As I explain in The Brother I Knew, for the first eighteen years of his career, I maintained close personal and professional relationships with Paul. We collaborated as screenwriters, our families socialized, our children grew up together. I have been a dedicated Scientologist since 1978. Paul and I attended the same church up until the mid-1980s. Paul did not have any meaningful involvement with Scientology after that time, beyond the occasional social activity or the odd request for help which proved ultimately insincere. It made no difference to me whether Paul remained a Scientologist or not, although his conduct was unbecoming of one and I would rather he not be a hypocrite. I had stopped associating with him many years before because of his behavior in the workplace and the damaging way he treats others, particularly those closest to him.
When I first heard about Paul’s public “resignation,” I assumed he had just read some internet trash from the usual suspects and, out of ignorance, having been gone for so long, swallowed their lies. When I learned that Paul was talking to the New Yorker and propagating those lies, I realized he had gone well beyond that. For some reason known only to God and Google, he appeared to have become actively anti-Scientology and I feared he may be in league with extremists.
Enter Lawrence Wright.
When Lawrence Wright initially contacted me with requests for an interview, he presented his article as “a profile on Paul Haggis.” Initially I ignored his emails, since it has been my custom not to speak to the press about family. So I did not know that his real interest was Scientology until weeks later when I received a request from the New Yorker photo editor asking if I would please send them some old photographs of me from my days as a Church staff member, almost thirty years ago, so they could publish them in an upcoming article “about Scientology”. Apparently Paul had been freely telling personal, well-embroidered tales about me and the rest of his family without our knowledge. And now the New Yorker was no longer even making a pretense that the article was about Paul – although its publication was initially neatly timed to coincide with the release of Paul’s latest film. (I did end up corresponding with Wright in an attempt to correct Paul’s many half-lies and complete falsehoods but I will save the content of that discussion for another post.)
My husband was so distressed over Paul’s actions that, at my niece’s wedding, he took Paul aside and asked him why he would engage in discussing Scientology and private family matters in the press. Paul was apparently quite nervous to be called to account for his actions (a next-to-never occurrence) and tried to explain away his actions by claiming that, when he sat down for their first interview in Los Angeles, he had no idea that Wright (who had flown out from New York to interview him) was there to talk about Scientology. He said he thought the New Yorker reporter was there to promote the impending release of Paul’s latest movie. Scientology didn’t come up, he claimed, until, when at the end of a brief ten minute interview about his career Wright stood to leave and said, “Okay, I’ll see you tomorrow.” Paul claimed to be surprised by this and asked why. He quoted Wright as answering, “Scientology. Why else would the New Yorker want to interview you?”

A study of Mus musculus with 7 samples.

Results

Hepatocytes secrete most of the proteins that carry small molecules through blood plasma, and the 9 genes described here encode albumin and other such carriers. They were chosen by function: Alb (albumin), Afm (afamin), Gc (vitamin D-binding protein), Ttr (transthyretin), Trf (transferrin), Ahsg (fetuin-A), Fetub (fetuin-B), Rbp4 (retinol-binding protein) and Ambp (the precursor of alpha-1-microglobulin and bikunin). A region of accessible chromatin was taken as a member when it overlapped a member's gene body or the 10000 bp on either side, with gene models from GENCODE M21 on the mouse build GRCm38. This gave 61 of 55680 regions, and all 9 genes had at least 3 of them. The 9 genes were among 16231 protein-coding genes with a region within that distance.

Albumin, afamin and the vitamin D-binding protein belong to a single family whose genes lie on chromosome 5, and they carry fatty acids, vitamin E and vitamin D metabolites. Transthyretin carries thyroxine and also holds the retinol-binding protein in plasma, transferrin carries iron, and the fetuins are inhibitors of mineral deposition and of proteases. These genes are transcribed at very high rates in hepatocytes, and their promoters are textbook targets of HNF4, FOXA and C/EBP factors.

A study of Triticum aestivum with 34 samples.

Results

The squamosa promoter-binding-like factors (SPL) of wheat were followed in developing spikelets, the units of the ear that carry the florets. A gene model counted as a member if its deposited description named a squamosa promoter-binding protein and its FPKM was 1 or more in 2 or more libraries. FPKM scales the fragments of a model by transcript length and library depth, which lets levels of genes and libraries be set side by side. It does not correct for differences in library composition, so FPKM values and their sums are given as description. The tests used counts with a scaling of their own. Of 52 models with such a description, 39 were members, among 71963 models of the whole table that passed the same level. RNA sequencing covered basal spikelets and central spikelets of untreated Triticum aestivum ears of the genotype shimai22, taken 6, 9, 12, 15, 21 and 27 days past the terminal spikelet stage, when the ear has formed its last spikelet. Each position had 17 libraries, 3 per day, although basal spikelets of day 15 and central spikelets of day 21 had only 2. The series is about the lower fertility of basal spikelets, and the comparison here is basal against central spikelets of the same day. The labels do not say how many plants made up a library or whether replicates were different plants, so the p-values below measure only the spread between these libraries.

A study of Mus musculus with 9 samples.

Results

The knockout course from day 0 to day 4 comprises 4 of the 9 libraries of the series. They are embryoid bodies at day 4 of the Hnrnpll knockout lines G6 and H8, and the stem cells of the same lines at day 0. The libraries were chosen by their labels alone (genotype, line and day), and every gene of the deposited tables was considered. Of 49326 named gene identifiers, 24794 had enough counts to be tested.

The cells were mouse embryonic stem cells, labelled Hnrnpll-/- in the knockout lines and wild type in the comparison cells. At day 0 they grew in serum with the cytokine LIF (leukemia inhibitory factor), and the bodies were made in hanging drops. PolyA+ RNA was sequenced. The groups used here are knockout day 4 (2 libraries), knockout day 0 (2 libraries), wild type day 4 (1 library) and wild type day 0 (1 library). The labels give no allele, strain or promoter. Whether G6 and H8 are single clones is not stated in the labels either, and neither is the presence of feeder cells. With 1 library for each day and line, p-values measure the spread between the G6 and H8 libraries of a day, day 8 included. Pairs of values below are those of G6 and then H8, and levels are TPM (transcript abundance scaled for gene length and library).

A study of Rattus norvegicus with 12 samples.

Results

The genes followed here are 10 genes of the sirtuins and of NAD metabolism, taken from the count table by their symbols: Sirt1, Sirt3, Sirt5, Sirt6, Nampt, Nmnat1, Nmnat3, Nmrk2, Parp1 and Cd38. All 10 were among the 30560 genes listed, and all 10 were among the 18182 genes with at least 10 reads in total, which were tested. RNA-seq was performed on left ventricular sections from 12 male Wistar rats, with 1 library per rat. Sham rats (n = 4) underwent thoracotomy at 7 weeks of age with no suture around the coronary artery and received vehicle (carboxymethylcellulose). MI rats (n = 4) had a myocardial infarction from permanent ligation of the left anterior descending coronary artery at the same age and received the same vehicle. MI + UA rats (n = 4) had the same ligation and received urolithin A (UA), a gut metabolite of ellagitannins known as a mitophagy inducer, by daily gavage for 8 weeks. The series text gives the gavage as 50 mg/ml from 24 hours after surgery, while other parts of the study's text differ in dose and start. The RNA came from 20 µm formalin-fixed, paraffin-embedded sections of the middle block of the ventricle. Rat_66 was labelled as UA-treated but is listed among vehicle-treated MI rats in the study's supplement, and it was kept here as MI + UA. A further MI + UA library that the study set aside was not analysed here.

As my husband related it, Paul offered this as an excuse for his actions, as if he were duped and preyed upon by the press. Of course, if he truly felt duped, he could have simply canceled the next day’s interview. But did he? No. He went on to confess that he sat down with Lawrence Wright the next day and gave him a three hour interview.
It was only through reading the published interview months later that we learned that all of this was simply another of Paul’s whopping big lies. According to Wright, Paul had given him numerous interviews about Scientology starting back in New York. They even flew out to L.A. on the plane together. They weren’t reporter and interviewee – they were a team, and continue to be.
Paul also swore up and down to my husband that he had nothing to do with certain apostates who were spewing bald lies over the internet. Of course, that and subsequent articles reveal he has been in league with them for years, thick as thieves, and that Wright’s cheesy exposé in the New Yorker is simply a preview for a book that he has been planning for many months.
Nothing Paul says or does surprises us anymore, but the public does not have the benefit of our years of experience with him, so I include this information in the hope that readers will not be taken in.
If only all lost boys came with a nose that grew with every lie.